Since the Munro report (2011), a greater emphasis has been placed on the value of child-centred practice in social work with children, young people and families. It has come to be recognised that social workers cannot make an assessment or intervene to safeguard children and promote positive outcomes without engaging with the children themselves. This involves recognising the rights of the child, getting to know who they are, what they need, how they feel about their situation, and what they want for their future.
Split into two distinct sections, this authoritative text focuses on the foundational knowledge required for child-centred work, unpacking the ethical and theoretical principles that form the basis of the approach and exploring current debates around working with children and families. Benefitting from the authors' extensive experience in academia and practice settings, each chapter:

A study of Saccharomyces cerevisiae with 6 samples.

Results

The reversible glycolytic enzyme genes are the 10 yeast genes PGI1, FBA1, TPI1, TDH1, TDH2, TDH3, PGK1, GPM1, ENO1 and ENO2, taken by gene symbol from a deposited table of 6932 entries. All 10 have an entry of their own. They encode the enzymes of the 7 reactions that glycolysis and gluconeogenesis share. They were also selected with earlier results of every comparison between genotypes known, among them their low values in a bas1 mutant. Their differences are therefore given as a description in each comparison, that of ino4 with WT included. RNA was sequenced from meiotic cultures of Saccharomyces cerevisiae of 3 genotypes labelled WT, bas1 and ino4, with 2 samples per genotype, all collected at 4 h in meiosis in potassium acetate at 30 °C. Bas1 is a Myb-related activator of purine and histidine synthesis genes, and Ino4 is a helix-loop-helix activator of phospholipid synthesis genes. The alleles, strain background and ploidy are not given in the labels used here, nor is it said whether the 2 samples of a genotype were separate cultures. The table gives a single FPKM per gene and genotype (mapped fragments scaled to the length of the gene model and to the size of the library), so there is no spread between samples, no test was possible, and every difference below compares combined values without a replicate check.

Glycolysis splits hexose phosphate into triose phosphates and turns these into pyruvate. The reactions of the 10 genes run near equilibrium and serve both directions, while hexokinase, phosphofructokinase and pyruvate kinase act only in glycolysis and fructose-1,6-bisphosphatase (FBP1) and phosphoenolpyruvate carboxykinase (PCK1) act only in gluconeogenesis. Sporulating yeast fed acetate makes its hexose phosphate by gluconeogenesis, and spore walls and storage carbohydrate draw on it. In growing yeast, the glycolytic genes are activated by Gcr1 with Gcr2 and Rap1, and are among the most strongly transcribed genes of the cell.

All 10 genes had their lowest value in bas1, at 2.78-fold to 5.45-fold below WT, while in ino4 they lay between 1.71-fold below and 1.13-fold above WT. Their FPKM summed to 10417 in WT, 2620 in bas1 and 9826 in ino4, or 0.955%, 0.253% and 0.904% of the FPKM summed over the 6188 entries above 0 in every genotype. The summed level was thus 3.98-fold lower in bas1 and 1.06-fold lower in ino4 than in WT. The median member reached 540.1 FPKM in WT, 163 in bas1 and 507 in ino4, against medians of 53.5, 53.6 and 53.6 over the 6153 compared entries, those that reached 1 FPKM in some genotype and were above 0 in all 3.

provides insightful practitioner testimonials and case study examples to help the reader apply what they have learned to everyday practice
highlights important research studies that give voice to children and young people, providing the reader with background knowledge of the evidence base for child-centred approaches
includes engaging questions and activities to enable the reader to reflect on what they have learned, and make links to their own practice, values and beliefs.
With a strong focus on developing the reader's practice skills, particularly in engaging and communicating with children, Child-Centred Practice is an essential handbook for students and professionals involved in this complex yet rewarding area of social work practice.